Clydebridge Steel Works History
Initially only about Clydebridge Works, still open but greatly reduced in size, this site now includes an industrial history of other Colvilles / British Steel / Corus / Tata iron and steel works in Scotland, such as: Dalzell 1871-present and still producing high quality heavy plate, Clyde Iron 1786-1977, Hallside 1873-1979, Glengarnock 1843-1985, Lanarkshire 1889-1979, Blochairn 1850-1962, Wishaw 1859-1930, Ravenscraig 1953-1992.
Although steel is no longer made in Scotland in bulk, in 2015 two works remain where steel plate is rolled, cut and heat treated: Dalzell and Clydebridge.
Dalzell steelworks in Motherwell was started in 1871 by David Colville. It quickly gained a reputation, supplying steel for a replacement bridge after the Tay Bridge disaster, and two thirds of the steel for the Forth Bridge, one of the first major steel structures in the world. Dalzell quickly grew to be the largest steelworks in the country. During WW1 Colvilles took over and enlarged Clydebridge and Glengarnock steelworks and, run from Dalzell, Colvilles went on to dominate the Scottish steel industry.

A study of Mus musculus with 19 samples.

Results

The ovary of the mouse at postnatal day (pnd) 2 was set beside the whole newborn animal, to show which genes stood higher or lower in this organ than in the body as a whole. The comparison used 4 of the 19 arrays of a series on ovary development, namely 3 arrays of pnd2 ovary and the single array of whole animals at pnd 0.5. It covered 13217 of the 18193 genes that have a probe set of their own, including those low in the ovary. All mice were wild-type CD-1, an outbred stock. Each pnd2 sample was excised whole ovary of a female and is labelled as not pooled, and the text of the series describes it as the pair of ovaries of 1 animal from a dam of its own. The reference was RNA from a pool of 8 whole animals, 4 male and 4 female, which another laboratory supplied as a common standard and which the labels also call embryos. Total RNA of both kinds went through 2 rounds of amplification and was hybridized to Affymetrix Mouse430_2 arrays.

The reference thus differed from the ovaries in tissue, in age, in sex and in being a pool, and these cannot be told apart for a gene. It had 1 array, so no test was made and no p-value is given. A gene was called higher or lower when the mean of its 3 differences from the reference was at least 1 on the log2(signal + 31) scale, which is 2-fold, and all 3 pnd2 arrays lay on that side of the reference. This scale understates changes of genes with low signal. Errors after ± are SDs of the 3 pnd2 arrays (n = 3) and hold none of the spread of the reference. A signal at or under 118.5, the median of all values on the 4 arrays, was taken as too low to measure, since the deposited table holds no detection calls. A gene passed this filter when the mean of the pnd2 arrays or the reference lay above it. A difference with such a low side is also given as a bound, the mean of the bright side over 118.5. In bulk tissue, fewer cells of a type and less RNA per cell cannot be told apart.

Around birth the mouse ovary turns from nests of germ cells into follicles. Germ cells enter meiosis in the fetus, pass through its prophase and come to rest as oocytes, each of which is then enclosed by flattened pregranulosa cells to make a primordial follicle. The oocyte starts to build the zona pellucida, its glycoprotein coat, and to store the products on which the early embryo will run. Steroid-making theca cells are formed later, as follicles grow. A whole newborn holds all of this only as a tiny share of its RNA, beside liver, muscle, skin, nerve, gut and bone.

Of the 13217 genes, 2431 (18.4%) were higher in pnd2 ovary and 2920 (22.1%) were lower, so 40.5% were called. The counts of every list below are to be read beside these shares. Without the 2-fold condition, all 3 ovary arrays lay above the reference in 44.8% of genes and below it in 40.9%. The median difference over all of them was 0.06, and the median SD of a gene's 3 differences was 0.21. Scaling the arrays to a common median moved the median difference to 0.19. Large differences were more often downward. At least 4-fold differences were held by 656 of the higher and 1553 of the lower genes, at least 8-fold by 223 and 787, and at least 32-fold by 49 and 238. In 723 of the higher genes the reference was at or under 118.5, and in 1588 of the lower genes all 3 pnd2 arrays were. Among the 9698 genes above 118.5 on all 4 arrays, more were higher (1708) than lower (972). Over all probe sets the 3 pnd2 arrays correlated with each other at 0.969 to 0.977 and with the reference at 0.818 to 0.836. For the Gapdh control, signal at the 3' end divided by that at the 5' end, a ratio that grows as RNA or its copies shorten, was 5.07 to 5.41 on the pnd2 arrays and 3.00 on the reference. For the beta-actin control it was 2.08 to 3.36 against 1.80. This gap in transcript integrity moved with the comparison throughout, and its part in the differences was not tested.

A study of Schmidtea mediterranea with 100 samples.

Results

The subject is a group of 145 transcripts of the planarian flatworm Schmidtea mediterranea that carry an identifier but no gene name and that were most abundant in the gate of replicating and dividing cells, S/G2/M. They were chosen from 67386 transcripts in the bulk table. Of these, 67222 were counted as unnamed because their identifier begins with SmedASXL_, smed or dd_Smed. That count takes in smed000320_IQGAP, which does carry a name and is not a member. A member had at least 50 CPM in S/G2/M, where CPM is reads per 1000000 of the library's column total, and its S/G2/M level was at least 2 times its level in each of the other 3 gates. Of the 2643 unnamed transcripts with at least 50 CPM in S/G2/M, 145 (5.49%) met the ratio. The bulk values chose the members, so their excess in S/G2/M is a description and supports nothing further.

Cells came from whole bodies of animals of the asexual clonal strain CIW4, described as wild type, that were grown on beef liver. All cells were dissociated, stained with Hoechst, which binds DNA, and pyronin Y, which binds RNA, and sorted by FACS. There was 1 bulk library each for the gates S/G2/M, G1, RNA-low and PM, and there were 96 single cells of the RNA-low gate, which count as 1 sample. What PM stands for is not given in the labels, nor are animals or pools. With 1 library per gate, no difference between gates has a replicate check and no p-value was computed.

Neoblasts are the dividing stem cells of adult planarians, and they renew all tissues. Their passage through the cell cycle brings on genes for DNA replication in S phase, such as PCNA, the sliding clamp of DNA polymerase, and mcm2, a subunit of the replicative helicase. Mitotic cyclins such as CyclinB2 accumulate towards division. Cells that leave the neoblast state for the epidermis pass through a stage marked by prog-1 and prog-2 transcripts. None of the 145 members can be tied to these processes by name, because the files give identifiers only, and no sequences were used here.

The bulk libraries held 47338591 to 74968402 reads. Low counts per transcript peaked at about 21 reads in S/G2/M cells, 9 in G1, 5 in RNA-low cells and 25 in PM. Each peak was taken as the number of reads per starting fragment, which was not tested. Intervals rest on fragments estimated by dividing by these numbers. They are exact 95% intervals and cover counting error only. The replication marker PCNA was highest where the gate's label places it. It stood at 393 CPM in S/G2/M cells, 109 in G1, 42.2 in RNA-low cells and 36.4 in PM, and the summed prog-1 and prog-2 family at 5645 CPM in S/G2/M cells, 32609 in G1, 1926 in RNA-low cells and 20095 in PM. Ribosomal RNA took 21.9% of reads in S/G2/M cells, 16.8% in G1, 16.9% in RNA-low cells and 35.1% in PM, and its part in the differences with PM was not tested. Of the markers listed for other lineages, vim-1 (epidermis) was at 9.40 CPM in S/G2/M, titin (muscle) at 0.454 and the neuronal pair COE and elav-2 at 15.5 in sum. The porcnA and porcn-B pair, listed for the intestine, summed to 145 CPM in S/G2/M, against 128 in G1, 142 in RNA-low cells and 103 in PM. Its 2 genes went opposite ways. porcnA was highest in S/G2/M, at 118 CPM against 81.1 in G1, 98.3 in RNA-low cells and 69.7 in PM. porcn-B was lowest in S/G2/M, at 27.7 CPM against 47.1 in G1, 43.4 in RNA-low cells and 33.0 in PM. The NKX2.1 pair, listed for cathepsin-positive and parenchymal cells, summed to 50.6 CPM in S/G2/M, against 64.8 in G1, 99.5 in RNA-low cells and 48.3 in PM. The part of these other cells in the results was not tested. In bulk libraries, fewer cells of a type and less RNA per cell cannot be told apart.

Clydebridge Steelworks in Cambuslang, at the East End of Glasgow opened in 1887. Integrated with Clyde Iron Works in 1939 it was one of the giants of industrial Scotland, and its' steel plates, together with those from Dalzell, were formed into many of the most famous ships built on the River Clyde (and elsewhere) including the Lusitania, Mauretania, Queen Mary, HMS Hood, Queen Elizabeth, QE2. The adjacent Clyde Iron Works, which operated from 1786 to 1978, was where the hot blast process was invented, in 1828, by James Beaumont Neilson. This one invention lead to a rapid increase in iron manufacture and the growth of industry and wealth in Scotland.